New battles as Bush defends Iraq plan

BAGHDAD (AFP) — Persistent Iraq violence that killed at least 32 people and wounded dozens more Saturday overshadowed a diplomatic offensive that saw high-profile trips by the war-torn country’s president and prime minister.
Three attacks north, west and south of Baghdad painted a grisly background to the visits and demonstrated how desperately Iraqi authorities need political support from Washington, Ankara and Tokyo.

In Samarra to the north, at least 11 people died and 20 were wounded in a two-pronged attack on the home of a senior Iraqi police commando.

A suicide bomber first blew up a vehicle, killing nine people and wounding 16, setting the scene for a roadside bomb that left two more dead and four wounded, police said.

The blasts followed the grim discovery of the bodies of eight policemen and five Shiite poultry vendors who died in separate attacks south and west of Baghdad.

The vendors’ bodies were found bound and with bullet holes in their heads in the area south of Baghdad known as the Triangle of Death, said Abdel Hussein, who lost two nephews.

“It was a horrible sight,” he said. “Unbelievable.”

The bodies of eight policemen who had been manning a checkpoint on the road between the western city of Ramadi and the Syrian border were also found after being kidnapped one day earlier.

In Washington, President George W. Bush acknowledged the steady stream of grim images but laid the blame squarely at the feet of insurgents.

“The images we see on television are a grim reminder that the enemies of freedom in Iraq are ruthless killers with no regard for human life,” Bush said in his weekly radio address.

His administration asked Japan to extend its humanitarian mission to Iraq into 2006, while Iraqi President Jalal Talabani urged Turkey to set doubts aside and help his country’s Kurds.

Talabani — who is himself a Kurd — has given repeated assurances that autonomy within a federal Iraq is the limit of Kurdish ambitions.

But Turkey, in common with other Iraqi neighbours with Kurdish minorities, worries that the Iraqi Kurds will eventually break away, fanning nationalist sentiment and threatening their own territorial integrity.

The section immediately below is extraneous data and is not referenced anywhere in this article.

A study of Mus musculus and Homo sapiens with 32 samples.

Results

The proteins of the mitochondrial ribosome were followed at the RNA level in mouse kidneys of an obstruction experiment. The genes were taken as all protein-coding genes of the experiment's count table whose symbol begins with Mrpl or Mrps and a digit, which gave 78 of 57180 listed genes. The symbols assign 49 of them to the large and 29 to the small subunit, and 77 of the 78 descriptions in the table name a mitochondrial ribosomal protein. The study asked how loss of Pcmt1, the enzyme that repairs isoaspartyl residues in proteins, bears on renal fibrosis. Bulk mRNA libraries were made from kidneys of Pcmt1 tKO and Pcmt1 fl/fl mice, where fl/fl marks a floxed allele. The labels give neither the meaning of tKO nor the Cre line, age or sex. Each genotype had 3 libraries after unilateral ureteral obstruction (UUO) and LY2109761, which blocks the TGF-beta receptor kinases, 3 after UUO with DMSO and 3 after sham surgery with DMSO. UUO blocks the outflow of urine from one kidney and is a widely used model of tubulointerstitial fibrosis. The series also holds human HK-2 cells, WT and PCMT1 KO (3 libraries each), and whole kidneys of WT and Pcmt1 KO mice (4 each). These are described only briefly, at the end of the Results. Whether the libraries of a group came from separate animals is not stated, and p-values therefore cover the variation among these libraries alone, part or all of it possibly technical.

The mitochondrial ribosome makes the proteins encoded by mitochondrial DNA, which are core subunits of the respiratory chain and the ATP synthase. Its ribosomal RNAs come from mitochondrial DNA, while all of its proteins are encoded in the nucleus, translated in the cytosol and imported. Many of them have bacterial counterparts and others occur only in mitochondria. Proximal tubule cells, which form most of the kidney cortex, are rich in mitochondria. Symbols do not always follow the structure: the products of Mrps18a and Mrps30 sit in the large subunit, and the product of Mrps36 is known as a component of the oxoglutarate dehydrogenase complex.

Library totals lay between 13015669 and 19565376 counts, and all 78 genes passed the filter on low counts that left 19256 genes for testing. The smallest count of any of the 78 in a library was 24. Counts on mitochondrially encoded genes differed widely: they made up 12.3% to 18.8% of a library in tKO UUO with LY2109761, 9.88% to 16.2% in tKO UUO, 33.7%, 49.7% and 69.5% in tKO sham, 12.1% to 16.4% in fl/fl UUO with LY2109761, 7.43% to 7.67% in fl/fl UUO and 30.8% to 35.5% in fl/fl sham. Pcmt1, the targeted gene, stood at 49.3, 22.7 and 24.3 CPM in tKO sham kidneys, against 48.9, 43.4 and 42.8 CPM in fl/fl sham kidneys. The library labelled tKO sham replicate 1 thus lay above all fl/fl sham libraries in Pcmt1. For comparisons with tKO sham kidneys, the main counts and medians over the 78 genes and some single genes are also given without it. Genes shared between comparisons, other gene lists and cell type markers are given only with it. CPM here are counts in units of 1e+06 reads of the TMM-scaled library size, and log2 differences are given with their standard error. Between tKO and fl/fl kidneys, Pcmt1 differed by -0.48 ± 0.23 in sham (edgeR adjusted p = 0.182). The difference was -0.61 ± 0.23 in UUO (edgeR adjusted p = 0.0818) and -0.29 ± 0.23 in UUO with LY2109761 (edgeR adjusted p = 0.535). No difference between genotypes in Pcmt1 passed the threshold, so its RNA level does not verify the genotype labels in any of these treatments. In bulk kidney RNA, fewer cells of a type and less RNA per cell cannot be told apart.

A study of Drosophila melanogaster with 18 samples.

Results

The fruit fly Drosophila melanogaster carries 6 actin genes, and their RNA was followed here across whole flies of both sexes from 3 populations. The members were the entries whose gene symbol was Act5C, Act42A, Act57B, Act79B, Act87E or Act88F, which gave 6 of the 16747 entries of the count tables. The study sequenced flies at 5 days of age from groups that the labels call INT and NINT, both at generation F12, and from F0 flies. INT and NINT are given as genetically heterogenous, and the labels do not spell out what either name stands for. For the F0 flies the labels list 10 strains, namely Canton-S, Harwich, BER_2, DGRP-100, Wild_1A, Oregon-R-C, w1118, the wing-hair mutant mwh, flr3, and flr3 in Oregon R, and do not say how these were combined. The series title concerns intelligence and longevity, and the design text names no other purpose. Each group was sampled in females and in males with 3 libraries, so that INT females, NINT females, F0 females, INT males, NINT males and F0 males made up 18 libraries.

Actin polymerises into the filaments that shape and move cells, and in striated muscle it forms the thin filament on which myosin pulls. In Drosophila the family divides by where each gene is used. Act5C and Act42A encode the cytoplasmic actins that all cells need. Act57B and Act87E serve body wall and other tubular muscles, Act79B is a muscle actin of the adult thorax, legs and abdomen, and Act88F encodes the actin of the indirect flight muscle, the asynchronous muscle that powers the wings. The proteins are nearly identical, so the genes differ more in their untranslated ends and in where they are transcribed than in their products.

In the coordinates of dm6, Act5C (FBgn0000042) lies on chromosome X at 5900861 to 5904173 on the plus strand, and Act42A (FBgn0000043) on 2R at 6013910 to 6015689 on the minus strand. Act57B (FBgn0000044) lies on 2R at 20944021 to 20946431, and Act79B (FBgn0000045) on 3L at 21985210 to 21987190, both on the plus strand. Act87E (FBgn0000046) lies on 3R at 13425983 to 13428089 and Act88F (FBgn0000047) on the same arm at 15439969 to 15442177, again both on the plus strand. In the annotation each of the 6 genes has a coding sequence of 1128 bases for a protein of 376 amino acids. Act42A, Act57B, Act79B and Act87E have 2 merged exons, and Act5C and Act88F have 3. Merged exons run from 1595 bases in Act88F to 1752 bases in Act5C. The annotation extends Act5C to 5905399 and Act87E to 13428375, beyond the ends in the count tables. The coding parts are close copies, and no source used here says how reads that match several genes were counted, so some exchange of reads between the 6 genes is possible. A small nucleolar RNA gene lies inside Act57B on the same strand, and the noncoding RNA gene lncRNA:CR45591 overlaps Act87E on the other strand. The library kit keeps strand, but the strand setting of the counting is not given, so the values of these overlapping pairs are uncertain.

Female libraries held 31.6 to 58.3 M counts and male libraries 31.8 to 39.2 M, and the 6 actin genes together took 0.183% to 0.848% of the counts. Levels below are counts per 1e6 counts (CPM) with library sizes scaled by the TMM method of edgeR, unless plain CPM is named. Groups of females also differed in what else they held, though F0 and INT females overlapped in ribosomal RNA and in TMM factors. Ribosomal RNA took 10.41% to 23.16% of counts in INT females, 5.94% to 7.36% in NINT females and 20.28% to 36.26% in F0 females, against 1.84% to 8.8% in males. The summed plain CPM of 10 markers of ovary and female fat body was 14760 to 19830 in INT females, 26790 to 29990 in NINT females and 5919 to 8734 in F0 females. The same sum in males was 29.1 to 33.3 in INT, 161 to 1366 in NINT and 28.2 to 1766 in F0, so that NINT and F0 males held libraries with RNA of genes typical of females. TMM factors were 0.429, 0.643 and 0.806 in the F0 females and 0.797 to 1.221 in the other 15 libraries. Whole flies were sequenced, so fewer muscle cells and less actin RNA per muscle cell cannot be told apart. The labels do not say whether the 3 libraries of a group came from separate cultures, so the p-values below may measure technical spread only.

In Tokyo, a senior Japanese official was quoted by Kyodo News as saying an extension of the Japanese mission would be “inevitable” if US-led forces stayed in Iraq beyond December, when 600 Japanese troops are due to leave.

Government Spokesman Hiroyuki Hosoda said that in the end, however, Tokyo would make its own decision about the future of its first military deployment to a country at war since 1945.

On Friday, Iraqi Prime Minister Ibrahim Jaafari backed Bush’s bid to shore up support for the US military effort despite a mounting casualty toll and declining public support.

The relentless violence in Iraq has begun to undermine Bush’s ratings as US losses in Iraq passed 1,700.

“This is not the time to fall back,” Jaafari insisted as the two leaders presented a united front at a news conference in Washington.

Three US marines and a sailor were still listed as missing after a suicide attack in the western city of Fallujah Thursday.

Two marines, one of them a woman, are already confirmed dead, while 13 others, 11 of them women, were wounded in the largest single day casualty toll for US servicewomen in Iraq.

Bush told his US radio audience: “Our nation’s mission in Iraq is difficult, and we can expect more tough fighting in the weeks and months ahead.”

The governor of a Kurdish province in northern Iraq offered to send Kurdish militiamen to help restore security in neighbouring areas ravaged by the persistent Sunni Arab insurgency.

“We are ready to send peshmerga members to Diyala, Salaheddin and Kirkuk provinces if we are asked to help out with the security situation,” said Dana Ahmed Majid, governor of Sulaymaniyah province.

US troops detained the father-in-law of Saddam Hussein’s former right-hand man Izzat Ibrahim Duri in the northern oil city of Kirkuk, a police official said.

The ailing Ibrahim is the most senior former regime official still at large and has a $10 million US bounty on his head.

He is accused of playing a key role in sustaining the insurgency still raging more than two years after Saddam’s fall.

Travellers were stranded at Baghdad International Airport Saturday when the British company that ensures security there staged a strike to demand payment of money owed.

Company directors were in talks with the Iraqi government regarding several months of unpaid work, but the airport was still closed at the end of the day, an Iraqi Airways official said.